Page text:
FCFA’s research in Malawi was carried out by FRACTAL in the city of Blantyre and UMFULA in Lake Malawi and the Shire River Basin. FRACTAL aims to explore the decision-making process in southern African cities, and to support how cities respond to the impact of climate change and the pressures of rapid social, economic, and environmental change. UMFULA aims to improve climate information for medium-term (5-40 year) decision-making in the water-energy-food nexus in central and southern Africa, with a particular focus on Tanzania and Malawi.

  • FRACTAL’s research in Blantyre (led by the Polytechnic University of Malawi) had fewer engagements and activities than other FRACTAL cities, instead it focused on the transferability of relevant climate knowledge and lessons.


  • Climate Risk Narratives were developed through initial socio-economic narratives which were co-produced with stakeholders living and working in Blantyre to describe three possible futures for the city. Climate science was woven into these narratives to surface possible impacts of climate change in Malawi and the city of Blantyre.
  • A think tank workshop, supported through the FCFA Innovation Fund, provided useful initial insight into the values guiding decision-making in the city, which are largely driven by the mandates of different government sectors. Over a period of two days, the think tank held loosely guided conversations with the various relevant stakeholders, which surfaced several drivers of decisions taken in the city.


  • The Blantyre City Council’s decision to research turning waste to energy in order to increase energy supply for the city was used as an exemplar to explore the different values that guide decision-making.
  • UMFULA applied a Decision-Making under Uncertainty approach in Lake Malawi and the Shire River Basin to look at the energy-water-food nexus. The Shire River Basin is a major outflow of Lake Malawi and is a vital source of hydropower, irrigation, and biodiversity.


  • UMFULA, with government stakeholders, co-produced a Water Evaluation and Planning (WEAP) Model to project the range of future lake levels between 2021-2050 for Lake Malawi. Variability in projections underlines the need for robust decision-making in light of uncertainty to make choices that will perform well regardless of future conditions and climate change in Malawi.


  • UMFULA aimed to improving the understanding of the impacts of climate change on tea and sugarcane sectors in Malawi through:
    • Examining the impacts of future climate change in Malawi on crops and livelihoods.
    • Investigating relevant climate metrics and identifying viable adaptation options for tea production in Malawi as part of the joint UMFULA and HyCRISTAL CI4Tea project.
    • Considering equity issues of large scale climate adaptation decisions for smallholder farmers.



While advances in climate research can further the understanding of the drivers of variability and inform assessment of confidence in models, waiting for better model projections is not viable when decisions are being made now on major infrastructure investments with long lifespans.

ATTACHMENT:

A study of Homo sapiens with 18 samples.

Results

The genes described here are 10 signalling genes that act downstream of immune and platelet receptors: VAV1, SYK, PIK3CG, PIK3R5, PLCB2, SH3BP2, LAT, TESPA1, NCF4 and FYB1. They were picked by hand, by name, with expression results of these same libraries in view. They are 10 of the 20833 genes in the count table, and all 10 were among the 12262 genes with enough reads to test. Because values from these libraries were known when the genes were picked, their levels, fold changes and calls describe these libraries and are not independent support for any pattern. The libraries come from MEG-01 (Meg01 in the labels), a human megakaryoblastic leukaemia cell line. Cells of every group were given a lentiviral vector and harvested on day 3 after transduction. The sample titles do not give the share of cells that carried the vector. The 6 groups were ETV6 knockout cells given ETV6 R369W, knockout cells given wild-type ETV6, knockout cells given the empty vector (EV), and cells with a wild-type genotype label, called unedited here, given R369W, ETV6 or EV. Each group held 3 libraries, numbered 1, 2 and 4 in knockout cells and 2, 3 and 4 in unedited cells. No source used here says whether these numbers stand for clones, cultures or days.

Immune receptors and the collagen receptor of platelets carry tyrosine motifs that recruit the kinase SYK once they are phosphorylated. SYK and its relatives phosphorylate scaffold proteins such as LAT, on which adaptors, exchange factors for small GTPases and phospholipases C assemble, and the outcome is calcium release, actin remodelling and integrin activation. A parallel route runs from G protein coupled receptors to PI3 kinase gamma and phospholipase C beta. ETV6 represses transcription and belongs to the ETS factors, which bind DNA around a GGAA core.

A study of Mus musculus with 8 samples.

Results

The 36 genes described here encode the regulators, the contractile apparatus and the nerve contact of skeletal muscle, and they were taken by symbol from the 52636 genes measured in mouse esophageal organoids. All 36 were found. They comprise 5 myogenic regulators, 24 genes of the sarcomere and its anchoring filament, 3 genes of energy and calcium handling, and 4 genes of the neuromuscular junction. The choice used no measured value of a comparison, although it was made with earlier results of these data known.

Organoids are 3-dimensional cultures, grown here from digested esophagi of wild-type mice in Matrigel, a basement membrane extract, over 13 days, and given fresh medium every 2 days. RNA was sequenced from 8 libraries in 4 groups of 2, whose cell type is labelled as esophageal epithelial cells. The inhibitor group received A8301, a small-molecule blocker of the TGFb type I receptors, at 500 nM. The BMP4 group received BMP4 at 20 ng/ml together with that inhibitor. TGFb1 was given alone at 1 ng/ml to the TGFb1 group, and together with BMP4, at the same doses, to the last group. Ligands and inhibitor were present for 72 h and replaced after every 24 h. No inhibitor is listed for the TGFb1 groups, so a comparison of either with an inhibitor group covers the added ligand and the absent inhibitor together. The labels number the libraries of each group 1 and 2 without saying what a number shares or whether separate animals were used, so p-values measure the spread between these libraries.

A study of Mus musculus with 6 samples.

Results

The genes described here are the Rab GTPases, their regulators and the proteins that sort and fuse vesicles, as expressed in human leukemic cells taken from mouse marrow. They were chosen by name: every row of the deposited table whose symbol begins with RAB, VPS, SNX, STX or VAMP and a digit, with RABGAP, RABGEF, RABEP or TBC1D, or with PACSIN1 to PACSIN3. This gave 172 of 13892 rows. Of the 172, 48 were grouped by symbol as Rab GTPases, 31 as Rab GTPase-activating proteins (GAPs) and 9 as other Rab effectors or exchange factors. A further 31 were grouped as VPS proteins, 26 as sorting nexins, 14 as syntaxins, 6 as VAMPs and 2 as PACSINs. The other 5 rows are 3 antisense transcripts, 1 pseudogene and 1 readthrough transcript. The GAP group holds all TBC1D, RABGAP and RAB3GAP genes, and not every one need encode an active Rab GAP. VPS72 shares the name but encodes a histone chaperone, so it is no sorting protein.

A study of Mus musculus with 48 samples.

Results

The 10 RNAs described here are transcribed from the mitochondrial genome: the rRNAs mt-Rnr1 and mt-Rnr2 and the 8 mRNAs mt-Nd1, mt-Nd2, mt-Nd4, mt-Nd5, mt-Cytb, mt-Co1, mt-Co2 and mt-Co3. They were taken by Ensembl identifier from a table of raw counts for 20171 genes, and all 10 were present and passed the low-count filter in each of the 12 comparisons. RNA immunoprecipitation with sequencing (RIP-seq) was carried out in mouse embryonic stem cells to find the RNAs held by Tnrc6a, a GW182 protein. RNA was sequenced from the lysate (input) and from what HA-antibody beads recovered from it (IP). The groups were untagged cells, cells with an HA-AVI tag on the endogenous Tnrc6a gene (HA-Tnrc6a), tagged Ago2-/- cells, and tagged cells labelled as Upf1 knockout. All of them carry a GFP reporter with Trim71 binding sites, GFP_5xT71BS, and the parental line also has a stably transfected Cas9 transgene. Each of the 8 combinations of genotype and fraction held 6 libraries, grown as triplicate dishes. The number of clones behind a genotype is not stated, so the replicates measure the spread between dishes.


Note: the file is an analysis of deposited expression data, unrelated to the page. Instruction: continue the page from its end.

Instead, to make adaptive decisions that reduce climate risk in Malawi, we can investigate the implications of a range of potential outcomes. This allows decision-makers to determine priorities (which could be minimising losses, or maximising potential gains, for example) while factoring in the uncertainties about future climate projections. 

Development plans being made in Malawi (but also elsewhere in the SADC region) comprise critical trade-offs between major investment decisions in irrigation, hydropower and agricultural intensification and the impacts on ecosystem services in the affected areas, among other considerations.


  • A different approach to develop climate risk narratives is being trialled in Blantyre, Gaborone and Harare: researchers and stakeholders from these cities initially developed a set of narratives of the cities’ socio-economic future, into which researchers integrated climate information.


  • Representatives from Blantyre and Harare also teamed up to explore decision-making around water and climate change in Malawi and the city.
  • Close collaborations with partners in the Shire River Basin allowed co- exploration of adaptation options for robust decision-making.


  • Contributing to national policy processes in Malawi:
    • Made presentations to the National Technical and Steering Committees on Climate Change in Malawi.
    • Provided input to the draft National Resilience Strategy and its implementation plan in Malawi.
    • Provided key findings to members of the National Planning Commission of Malawi.
    • Provided inputs to Malawi’s Third National Communication of Malawi.


  • Partnership with Malawi’s Department of Climate Change and Meteorological Services (DCCMS) throughout the project, including during project planning processes, which led to the co-production of country climate projections.